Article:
Was Leonardo da Vinci's mother of Arabic origin?
Anthropologists said they have pieced together Leonardo da Vinci's left index fingerprint -- a discovery that could help provide information on such matters as the food the artist ate and whether his mother was of Arabic origin.
The reconstruction of the fingerprint was the result of three years of research and could help attribute disputed paintings or manuscripts, said Luigi Capasso, an anthropologist and director of the Anthropology Research Institute at Chieti University in central Italy.
"It adds the first touch of humanity. We knew how Leonardo saw the world and the future ... but who was he? This biological information is about his being human, not being a genius," Mr. Capasso said in a recent telephone interview.
The research was based on a first core of photographs of about 200 fingerprints -- most of them partial -- taken from about 52 papers handled by Leonardo.
Mr. Capasso's work, presented in 2005 in a specialized magazine called Anthropologie, published in the Czech Republic, is on display in an exhibition in the town of Chieti through March 30.
The artist often ate while working, and Mr. Capasso and other specialists said his fingerprints could include traces of saliva, blood or the food he ate. It is information that could help clear up questions about his origins.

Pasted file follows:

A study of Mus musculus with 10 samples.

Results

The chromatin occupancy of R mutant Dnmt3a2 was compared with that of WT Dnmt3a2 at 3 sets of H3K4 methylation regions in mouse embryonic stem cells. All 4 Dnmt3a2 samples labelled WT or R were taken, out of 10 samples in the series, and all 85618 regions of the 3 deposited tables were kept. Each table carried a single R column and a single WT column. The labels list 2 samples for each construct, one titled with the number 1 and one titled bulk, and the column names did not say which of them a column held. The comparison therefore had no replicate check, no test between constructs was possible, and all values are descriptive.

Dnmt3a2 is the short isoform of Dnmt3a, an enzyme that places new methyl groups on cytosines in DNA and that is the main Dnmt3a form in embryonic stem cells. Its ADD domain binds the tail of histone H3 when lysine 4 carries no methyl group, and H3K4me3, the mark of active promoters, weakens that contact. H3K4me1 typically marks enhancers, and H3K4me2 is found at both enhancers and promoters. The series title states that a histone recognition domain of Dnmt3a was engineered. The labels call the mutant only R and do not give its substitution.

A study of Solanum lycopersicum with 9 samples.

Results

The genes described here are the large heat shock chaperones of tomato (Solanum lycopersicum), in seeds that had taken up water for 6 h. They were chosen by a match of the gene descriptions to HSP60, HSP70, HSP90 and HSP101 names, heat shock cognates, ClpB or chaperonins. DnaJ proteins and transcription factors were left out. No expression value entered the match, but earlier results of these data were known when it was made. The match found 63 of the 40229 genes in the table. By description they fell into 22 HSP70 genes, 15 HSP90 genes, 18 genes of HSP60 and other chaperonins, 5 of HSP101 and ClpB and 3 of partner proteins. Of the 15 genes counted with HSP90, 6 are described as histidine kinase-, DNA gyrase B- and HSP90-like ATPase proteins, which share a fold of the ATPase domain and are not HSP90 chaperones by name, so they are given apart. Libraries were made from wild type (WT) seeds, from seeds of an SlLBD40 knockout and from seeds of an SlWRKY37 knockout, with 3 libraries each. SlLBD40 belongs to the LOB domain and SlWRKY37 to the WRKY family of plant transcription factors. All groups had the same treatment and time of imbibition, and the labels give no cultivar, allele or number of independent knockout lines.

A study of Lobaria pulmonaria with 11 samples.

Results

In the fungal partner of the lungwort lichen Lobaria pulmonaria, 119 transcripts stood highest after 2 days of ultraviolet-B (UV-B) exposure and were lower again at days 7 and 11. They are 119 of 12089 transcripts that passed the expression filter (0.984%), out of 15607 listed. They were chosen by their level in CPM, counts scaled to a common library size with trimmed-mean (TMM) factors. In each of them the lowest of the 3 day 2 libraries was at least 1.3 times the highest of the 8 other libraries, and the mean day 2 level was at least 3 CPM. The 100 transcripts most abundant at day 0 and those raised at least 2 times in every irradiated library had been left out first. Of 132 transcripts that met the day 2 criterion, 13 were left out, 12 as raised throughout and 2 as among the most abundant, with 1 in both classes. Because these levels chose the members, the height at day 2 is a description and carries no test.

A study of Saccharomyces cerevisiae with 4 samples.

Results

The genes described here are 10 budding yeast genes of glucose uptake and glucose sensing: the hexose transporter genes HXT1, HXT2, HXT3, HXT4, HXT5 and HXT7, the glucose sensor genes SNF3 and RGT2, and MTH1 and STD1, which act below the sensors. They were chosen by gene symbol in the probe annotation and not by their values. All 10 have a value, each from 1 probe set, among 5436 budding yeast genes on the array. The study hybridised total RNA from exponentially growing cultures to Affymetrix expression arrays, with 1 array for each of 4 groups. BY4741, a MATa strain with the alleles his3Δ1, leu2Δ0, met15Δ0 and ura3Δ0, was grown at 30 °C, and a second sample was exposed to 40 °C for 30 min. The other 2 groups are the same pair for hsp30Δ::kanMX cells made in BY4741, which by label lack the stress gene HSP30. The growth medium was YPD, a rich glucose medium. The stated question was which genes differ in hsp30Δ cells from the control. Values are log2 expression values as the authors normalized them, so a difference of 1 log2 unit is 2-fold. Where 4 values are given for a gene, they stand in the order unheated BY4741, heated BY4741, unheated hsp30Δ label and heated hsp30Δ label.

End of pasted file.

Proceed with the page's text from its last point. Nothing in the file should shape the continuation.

Certain distinctive features are more common in the fingerprints of some ethnic populations, specialists say.
"The one we found in this finger tip applies to 60 percent of the Arabic population, which suggests the possibility that his mother was of Middle Eastern origin," Mr. Capasso said.
Other specialists, however, say that determining ethnicity based on fingerprints is vague.
What the science says, "generally speaking, is that if your parent has a lot of arches, you'll probably have a lot of arches," said Simon Cole, associate professor of criminology, law and society at the University of California at Irvine.
"The science essentially comes up with breakdowns: x percent of Asians have arches, x have whorls, x have loops. Some races have very low incidences of some patterns and very high incidences of others."
But "you can't predict one person's race from these kinds of incidences," he said, especially if you're looking at only one finger.
The idea that Leonardo's mother could have been a slave who came to Tuscany from Constantinople -- now Istanbul -- is not new and has been the object of other research.
Alessandro Vezzosi, a Leonardo specialist and the director of a museum dedicated to the artist in his hometown of Vinci, said there are documents that appear to back this up.
"This coincides with documented indications that she was Oriental, at least from the Mediterranean area, not a peasant of Vinci," he said.
Mr. Vezzosi, who manages the archive of documents Mr. Capasso used for his study, warned that her origin cannot be determined with any certainty until a contract documenting her sale is found.
"Still, her name was Caterina, the most common name among slaves in Tuscany," he said.
Italy: was Leonardo da Vinci’s mother Arab?